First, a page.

There’s no shortage of rivalries in the CFL and the ones that come to mind first are the regional ones.
What would the league be without the Battle of Alberta? Or the other half of the Labour Day Classic coin in Hamilton, where the Ticats annually host the Argos? The Banjo Bowl might be the best, most intense rivalry the league has at the moment, with the Bombers serving as defending Grey Cup champs, having gotten to the big game in Calgary last year by stepping over the Roughriders in Saskatchewan to do it.
The beauty of a nine-team league, though, is that shorter-term rivalries can flare up when two teams are good and stand in each other’s path to a Grey Cup.
That was the case in the late ’90s, when the Ticats and the Stampeders closed out the decade with a pair of Grey Cup battles.
The Stamps got the best of the Ticats in the 1998 Grey Cup game, winning 26-24 in Winnipeg on a Mark McLoughlin walk off field goal. For a Hamilton team that carried the sting of the loss through the winter into training camp, it was all the motivation it needed for the 1999 season.
Ticats’ QB Danny McManus remembered head coach Ron Lancaster setting the tone of revenge immediately in training camp that year.
“He did a great thing back in training camp,” McManus told CFL.ca’s Brodie Lawson in the Ticats’ Remote Reunion, driven by Kubota.
“He showed us the ’98 highlights of the Calgary Stampeders beating us in the Grey Cup. After the film was over he turned on the lights and said, ‘OK, practice at 9 a.m. tomorrow.’ At that point I knew we were going to win the Grey Cup in ’99.”
The Stamps went into the ’99 season with a ton of confidence, given that they’d run the table with their Eastern rivals the previous year and defended their home turf in the regular-season, beating the Ticats 21-17 at McMahaon Stadium on Oct. 1. There had been a change at quarterback in Calgary, with Jeff Garcia going to the NFL and Dave Dickenson assuming starting duties (two decades later we can look back on that as a *very* smooth transition).
The Ticats closed out the regular-season by ending that losing streak with a 31-28 win over Calgary in Hamilton. After each team picked up two playoff wins, they travelled to Vancouver for the 87th Grey Cup to settle their differences. The Ticats’ heartbreak stuck with them when they took the field.
“When we went and played Calgary the year before, we felt we had it,” Ticats defensive end Joe Montford told CFL.ca last summer, when he had his name added to the team’s wall of honour.
“They kicked a last-minute field goal and ended up winning. We were so hurt but at the same time we were more determined to wait for the next year. We knew the next year what was happening.”
On top of the heartbreaking loss the year before, the Ticats were carrying the hopes of a fan base that had been starved for a title. Hamilton had gone 13 years without winning a Grey Cup. The players wanted to not only avenge the loss to Calgary, but to bring the trophy home for some long-suffering fans.
“As a Hamiltonian, that was the greatest thing ever in my life, to be able to do that,” Ticats’ receiver Mike Morreale said. He was named the game’s top Canadian in their 1999 meeting.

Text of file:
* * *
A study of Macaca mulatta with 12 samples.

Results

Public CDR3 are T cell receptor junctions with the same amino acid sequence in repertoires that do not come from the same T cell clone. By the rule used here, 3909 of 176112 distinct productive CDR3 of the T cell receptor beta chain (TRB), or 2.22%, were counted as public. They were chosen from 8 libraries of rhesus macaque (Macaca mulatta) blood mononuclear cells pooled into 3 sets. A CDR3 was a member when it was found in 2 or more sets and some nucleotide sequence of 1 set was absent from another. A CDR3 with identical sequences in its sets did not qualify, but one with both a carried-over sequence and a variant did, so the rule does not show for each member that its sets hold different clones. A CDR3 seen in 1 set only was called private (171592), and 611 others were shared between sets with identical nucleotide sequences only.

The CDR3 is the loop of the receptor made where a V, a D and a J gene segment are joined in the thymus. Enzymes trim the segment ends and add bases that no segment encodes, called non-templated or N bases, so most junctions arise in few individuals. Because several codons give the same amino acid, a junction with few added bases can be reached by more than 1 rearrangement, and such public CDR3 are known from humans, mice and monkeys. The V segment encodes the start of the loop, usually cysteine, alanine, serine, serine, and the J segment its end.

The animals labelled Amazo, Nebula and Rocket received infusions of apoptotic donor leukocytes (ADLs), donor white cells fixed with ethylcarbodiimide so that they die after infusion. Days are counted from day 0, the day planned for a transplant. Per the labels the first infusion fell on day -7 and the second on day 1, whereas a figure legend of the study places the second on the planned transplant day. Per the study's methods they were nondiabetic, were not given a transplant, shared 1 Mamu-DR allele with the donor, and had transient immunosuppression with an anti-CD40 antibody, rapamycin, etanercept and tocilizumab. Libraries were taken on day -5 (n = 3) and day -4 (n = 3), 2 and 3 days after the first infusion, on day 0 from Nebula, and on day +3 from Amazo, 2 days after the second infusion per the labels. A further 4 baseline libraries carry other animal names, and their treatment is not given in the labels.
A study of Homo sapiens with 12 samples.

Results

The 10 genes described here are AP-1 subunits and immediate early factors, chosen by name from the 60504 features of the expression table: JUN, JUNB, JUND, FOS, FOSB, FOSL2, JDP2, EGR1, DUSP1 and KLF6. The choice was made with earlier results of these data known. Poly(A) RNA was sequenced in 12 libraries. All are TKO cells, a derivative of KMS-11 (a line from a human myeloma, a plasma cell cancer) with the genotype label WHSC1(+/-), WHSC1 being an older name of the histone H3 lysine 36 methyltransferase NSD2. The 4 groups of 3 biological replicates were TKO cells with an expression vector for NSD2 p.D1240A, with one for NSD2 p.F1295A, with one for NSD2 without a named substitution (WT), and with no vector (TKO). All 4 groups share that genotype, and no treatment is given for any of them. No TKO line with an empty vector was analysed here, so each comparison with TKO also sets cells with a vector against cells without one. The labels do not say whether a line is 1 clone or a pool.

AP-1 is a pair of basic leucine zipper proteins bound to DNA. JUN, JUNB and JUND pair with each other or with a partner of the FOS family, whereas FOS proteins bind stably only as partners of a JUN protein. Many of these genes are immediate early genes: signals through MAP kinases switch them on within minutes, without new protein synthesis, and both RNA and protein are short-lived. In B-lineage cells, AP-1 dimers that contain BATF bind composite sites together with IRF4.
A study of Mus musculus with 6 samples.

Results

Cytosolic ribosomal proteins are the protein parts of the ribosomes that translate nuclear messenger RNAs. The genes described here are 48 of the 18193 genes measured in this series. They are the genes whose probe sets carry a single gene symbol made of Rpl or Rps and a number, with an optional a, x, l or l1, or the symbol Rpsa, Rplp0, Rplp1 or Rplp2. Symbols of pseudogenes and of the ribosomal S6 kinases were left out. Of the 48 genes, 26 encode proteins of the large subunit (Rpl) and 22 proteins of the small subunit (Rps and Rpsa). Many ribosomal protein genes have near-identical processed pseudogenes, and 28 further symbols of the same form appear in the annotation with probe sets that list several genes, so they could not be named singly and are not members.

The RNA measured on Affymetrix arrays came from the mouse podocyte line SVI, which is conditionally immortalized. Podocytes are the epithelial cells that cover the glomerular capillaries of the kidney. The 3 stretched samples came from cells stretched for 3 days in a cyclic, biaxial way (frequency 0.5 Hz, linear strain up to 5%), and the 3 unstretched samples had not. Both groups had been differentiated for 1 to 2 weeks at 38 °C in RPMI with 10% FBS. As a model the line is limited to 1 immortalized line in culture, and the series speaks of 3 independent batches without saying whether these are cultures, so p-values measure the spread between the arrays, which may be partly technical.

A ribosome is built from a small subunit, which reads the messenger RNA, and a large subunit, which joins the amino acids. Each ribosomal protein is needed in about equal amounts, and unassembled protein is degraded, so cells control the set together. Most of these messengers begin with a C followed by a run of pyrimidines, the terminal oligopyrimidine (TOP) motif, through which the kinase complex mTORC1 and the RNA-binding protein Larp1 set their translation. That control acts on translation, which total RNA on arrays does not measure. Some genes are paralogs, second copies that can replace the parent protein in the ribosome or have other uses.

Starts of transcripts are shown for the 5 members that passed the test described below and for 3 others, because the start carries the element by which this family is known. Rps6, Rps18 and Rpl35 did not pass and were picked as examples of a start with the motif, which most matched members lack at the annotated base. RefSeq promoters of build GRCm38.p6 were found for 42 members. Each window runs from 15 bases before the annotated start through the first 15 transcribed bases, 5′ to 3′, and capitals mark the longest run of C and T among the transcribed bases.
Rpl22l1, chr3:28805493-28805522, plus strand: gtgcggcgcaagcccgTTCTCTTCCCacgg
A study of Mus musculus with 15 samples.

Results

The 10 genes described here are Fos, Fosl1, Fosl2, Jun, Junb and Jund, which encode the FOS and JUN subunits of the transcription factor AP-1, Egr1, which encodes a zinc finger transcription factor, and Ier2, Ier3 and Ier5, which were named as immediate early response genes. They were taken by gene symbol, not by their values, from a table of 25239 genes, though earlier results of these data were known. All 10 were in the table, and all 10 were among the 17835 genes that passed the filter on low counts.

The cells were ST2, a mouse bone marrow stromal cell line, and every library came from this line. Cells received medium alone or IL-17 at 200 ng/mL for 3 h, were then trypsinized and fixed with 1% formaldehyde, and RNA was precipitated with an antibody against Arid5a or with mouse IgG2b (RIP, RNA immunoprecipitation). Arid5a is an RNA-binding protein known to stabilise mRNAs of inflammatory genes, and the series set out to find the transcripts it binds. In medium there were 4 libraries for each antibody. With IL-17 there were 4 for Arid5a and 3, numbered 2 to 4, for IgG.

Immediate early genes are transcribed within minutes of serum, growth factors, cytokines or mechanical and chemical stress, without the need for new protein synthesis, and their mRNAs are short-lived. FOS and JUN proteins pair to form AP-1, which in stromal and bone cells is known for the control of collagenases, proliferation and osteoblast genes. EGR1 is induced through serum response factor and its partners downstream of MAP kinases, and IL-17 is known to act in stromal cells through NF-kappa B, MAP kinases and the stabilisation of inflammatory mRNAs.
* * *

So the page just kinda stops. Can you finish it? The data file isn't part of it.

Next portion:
“I think back to days when I was five-years’ old as a fan in the stadium. To bring it back home to Hamilton, that was icing on the cake.”
It was a pressure that the Stampeders felt the year before. Their drought was modest in comparison, stretching six years between Grey Cup wins, but it drove them in that ’98 game in the same way.
“Going into that season we’d been so close so many times and hadn’t been able to finish,” Garcia said.
“For us to finish at that point…as soon as we finished I ran directly to the Calgary fans and was pumping my fist, ‘We did this for you guys!’ It was for us, too but we were bringing this home to Calgary.”
“This game was special because we got the monkey off our back,” Stamps offensive lineman Rocco Romano recalled.
“We won in ’92, lost the Western Final in ’93. In ’94 we lost to BC…then we finally get back in the (Grey Cup) game and win in the manner that we won it.”
The Stamps got the dramatic win, off the foot of McLoughlin. A year later, the Ticats built up a 21-0 halftime lead behind the MVP play of McManus. They held off Calgary’s second-half surge and took the 32-21 win.
“The thing that was unique about this team is we didn’t go undefeated,” Orlondo Steinauer said of that 1999 team. The Ticats were 11-7 and finished second in the East.
“Those losses were just speedbumps. We didn’t point fingers, we didn’t wonder why. We were 7-2 at Labour Day, which was a pretty damn good record, but I can’t remember the losses being anything other than a challenge and a speedbump. There wasn’t anything we couldn’t overcome mentally.”
A safety on that team, Steinauer of course took over head coaching duties in Hamilton last year and led the Ticats to their best-ever record (15-3) and a Grey Cup appearance.
As serious as Grey Cup week is for the teams and as hungry as they both were to win, there was a healthy respect between both squads. Garcia let a bit of that slip when he reflected on their first meeting in 1998.
“We got there and the first night all hell was breaking loose. We were even partying with the Tiger-Cats out at some bar,” he said, drawing a ton of laughter from his teammates.
“After that first night we reeled in the reins a little bit and got serious.”